Tire Size: Is Bigger Really Better?
When it comes to tire size bigger may be a recent trend, but that doesn’t mean it’s right for every driver or car. Most new vehicles are equipped with 16- to 18-inch tires. However, aftermarket plus sizing increases wheel diameters from 1 to 8 inches beyond the original tire size.
Do these enhancements add value beyond the aesthetic? Here’s what you need to know:
Don’t Judge a Book by Its Cover
A bigger wheel size might look buff, but it reduces the height of the tire sidewall (the area between where the tire meets the wheel and the pavement) that will still fit within the stock wheel well. More sidewall creates a cushion between your vehicle and the road. Meaning that many vehicles with 18-, 19- and 20-inch tires have narrow sidewalls. So although the end result may be improved handling and a trendy look, it also makes the car less comfortable to ride in and drive.
Pros and Cons
The shorter and wider a tire is, the better the cornering and handling. Other benefits of wider tires include improved turning radius, ability to accelerate and stopping power. These larger tires also influence other ways that a vehicle responds to the road, including traction control and stability.
There are, however, some drawbacks. For instance, larger diameter tires and wheels put more strain on the brakes in order to stop. This can lead to increased wear on the brakes and thereby accelerate the maintenance schedule and how often you’ll need to replace them. It also takes more engine power to start rolling a larger diameter tire/wheel package, which adds an increased burden to the driveline. In addition, the speedometer will no longer be calibrated once the rolling diameter has changed.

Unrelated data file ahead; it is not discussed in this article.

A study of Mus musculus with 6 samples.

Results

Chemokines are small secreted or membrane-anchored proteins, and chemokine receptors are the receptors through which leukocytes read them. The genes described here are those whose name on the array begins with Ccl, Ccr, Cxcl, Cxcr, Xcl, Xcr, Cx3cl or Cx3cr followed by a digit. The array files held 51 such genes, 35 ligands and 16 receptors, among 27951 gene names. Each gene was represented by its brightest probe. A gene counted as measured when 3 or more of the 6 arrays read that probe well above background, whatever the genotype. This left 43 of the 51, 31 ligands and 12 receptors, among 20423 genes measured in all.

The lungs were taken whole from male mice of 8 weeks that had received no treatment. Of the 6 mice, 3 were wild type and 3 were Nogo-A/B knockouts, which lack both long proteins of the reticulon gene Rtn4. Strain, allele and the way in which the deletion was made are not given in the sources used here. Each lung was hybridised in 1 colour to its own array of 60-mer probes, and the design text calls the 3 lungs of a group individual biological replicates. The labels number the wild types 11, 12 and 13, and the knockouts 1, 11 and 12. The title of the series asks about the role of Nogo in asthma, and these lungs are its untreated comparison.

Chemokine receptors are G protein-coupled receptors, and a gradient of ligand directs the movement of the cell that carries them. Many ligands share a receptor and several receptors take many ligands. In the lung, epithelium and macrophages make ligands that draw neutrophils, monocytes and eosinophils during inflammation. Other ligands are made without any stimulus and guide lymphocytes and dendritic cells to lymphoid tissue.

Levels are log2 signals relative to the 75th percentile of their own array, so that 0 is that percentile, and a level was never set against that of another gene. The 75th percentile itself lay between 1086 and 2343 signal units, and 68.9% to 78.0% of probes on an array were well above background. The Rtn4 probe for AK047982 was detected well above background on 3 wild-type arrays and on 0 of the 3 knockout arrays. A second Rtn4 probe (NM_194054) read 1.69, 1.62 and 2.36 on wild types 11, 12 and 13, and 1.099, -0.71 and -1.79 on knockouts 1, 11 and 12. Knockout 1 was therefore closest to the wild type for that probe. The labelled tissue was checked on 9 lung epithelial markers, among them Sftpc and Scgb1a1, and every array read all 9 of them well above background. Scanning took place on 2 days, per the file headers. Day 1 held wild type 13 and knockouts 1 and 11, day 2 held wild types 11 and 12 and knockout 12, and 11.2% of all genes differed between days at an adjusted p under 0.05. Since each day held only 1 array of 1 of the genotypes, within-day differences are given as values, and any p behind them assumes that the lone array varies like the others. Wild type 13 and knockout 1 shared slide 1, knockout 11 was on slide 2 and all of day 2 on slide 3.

Some people choose to install a much taller tire to increase ground clearance for off-road vehicles. While other drivers perform these modifications mainly for appearance. Put any factory stock Jeep and a modded out beast on 44-inch tires side-by-side and it won’t take long to decide which cuts the more imposing figure. But remember upgrading the brakes may be necessary, as well as gear ratio swaps, once these changes are made.
A wide tire and a change of wheel offsets (the distance from the hub mounting to the center of the wheel) can also cause rubbing on the inside of the wheel well and the outer fenders. The condition may be addressed by “rolling” the fenders to create more clearance. But this modification may then lead to other issues such as steering and suspension geometry, which can have an effect on vehicle alignment and stability.
Choosing to change your tires and wheels from the stock size to a taller or wider model has both advantages and disadvantages. While clearly not a necessary upgrade for most daily drivers, car enthusiasts who put a premium on aesthetics and performance will gladly accept a few potential negatives to help their ride stand out from the crowd.